16,349.77 real time data change up

S&P/TSX Venture Composite Index

888.73 real time data change up
Stocks Experience Biggest Weekly Gain in Months

Canada's main stock index faded slightly by the final bell on Friday, the last session before Christmas, but remained on track for its sharpest weekly gain in almost three months.

The S&P/TSX Composite Index faded 17.36 points to close Friday at 16,165.27. The index was still on track for a 0.7% rise for the week, its sharpest weekly gain since late September.

The Canadian dollar regained 0.08 cents to 78.58 cents U.S.

Markets will be closed Monday and Tuesday for Christmas and Boxing Day, to resume Wednesday.

The dozen TSX subgroups were evenly divided, the gainers being led by health-care issues, of which Canopy Growth showed the most, well, growth, up $1.36, or 6.2%, to $23.26, while cannabis rival Aphria Inc. jumped 40 cents, or 2.7%, to $15.33.

Among gold concerns, Goldcorp climbed 12 cents to $16.00, while Barrick Gold three cents to $18.40.

In the materials sector, Teck Resources rose 14 cents to $32.28, after the miner reached a wage deal with one union at its Quebrada Blanca copper mine in Chile, ending an eight-day strike.

Agnico Eagle Mines showed even more oomph, gaining 84 cents, or 1.5%, to $57.58.

Techs let down the side among the half-dozen laggards, as BlackBerry let go of 28 cents, or 1.9%, to $14.75, while The Stars Group fell 24 cents to $29.76.

In consumer discretionary stocks, Magna International dipped 67 cents to $72.95, while Canadian Tire dropped 52 cents to $163.69.

Financials also went south, with Royal Bank retreating 37 cents to $102.48, while CIBC shed 42 cents to $123.06.

On the economic front, Statistics Canada said GDP was essentially unchanged in October following 0.2% growth in September, as nine of 20 industrial sectors expanded

ON BAYSTREET

The TSX Venture Exchange recovered 6.16 points Friday to 802.43

The 12 TSX subgroups were split down the middle, with health-care hiking 1.8%, gold up 1.1%, and materials ahead 0.5%.

The half-dozen laggards were weighed most by information technology down 0.5%, consumer discretionary concerns sliding 0.4%, and financials the poorer by 0.3%.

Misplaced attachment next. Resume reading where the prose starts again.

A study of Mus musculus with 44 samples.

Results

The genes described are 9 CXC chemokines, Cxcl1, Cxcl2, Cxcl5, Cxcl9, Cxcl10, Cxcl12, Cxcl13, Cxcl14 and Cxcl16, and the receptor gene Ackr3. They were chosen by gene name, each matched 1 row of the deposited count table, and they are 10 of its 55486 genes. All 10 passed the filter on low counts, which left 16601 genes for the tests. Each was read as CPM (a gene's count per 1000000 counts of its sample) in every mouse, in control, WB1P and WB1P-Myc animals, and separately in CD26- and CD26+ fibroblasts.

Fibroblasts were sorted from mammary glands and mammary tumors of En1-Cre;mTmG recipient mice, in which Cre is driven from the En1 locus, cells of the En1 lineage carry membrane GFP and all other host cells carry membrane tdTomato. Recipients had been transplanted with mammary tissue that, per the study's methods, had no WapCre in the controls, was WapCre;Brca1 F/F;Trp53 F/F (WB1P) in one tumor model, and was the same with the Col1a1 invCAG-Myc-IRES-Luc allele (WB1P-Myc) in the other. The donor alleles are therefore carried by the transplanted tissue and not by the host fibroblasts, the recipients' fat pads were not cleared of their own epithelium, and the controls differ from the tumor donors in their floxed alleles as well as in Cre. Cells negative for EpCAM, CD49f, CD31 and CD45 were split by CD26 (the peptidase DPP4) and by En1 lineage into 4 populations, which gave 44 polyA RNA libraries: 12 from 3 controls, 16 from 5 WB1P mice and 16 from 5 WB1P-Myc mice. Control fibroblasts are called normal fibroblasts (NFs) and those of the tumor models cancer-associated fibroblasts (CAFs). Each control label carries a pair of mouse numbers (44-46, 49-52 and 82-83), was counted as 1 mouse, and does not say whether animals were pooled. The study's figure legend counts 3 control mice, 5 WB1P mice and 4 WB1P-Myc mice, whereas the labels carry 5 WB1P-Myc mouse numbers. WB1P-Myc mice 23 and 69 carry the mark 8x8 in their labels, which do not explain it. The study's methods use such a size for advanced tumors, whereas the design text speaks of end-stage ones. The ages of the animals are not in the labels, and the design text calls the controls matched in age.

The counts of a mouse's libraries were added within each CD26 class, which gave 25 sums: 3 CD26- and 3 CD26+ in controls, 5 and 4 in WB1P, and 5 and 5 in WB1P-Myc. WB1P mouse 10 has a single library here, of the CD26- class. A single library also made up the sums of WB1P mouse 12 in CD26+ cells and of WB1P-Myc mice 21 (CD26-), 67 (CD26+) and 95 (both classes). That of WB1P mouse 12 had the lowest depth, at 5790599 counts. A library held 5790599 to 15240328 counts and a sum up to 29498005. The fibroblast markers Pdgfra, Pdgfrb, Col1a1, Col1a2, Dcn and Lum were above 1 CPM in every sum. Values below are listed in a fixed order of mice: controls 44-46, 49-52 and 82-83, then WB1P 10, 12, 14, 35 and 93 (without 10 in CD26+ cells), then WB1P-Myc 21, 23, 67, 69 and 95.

ON WALLSTREET

U.S. equities fell slightly on Friday, but traded near record levels, after lawmakers agreed on a plan to prevent a government shutdown.

The Dow Jones industrials dropped 28.23 points to close Friday's session at 24,754.06, with Nike leading decliners.

The S&P 500 dipped 1.23 points to 2,683.34, with financials falling 0.4%.

The NASDAQ composite index fell 5.4 points to 6,959.96

Despite small declines, the major indexes remained about 1% below record highs set earlier this week.

The major stock indexes have been on a tear this year as Wall Street awaited lower corporate taxes. The S&P 500 is up 19.9% in 2017, while the Dow has risen 25.4%, and the NASDAQ is up 29.4%.

In corporate news, Nike shares slipped 3.1% after the athletic apparel maker reported a drop in gross margins. The company's quarterly earnings and revenue topped estimates, however.

Biotechnology company Ignyta soared 72% after Swiss drug maker Roche agreed to buy the company for $27 per share, a 74% premium to its closing level from Thursday.

In economic news, personal income rose 0.3% last month. Economists were expecting a 0.4% gain. Durable goods orders, meanwhile, also disappointed, rising 1.3% in November. Economists had forecast an increase of 2%. New home sales, meanwhile, raced to a 10-year high in November.

Prices for the benchmark 10-year Treasury note faded a bit, raising yields to 2.49% from Thursday's 2.48%. Treasury prices and yields move in opposite directions.

Oil prices dropped five cents a barrel to $58.31 U.S.

Gold prices gained $7.70 to $1,278.30 U.S. an ounce.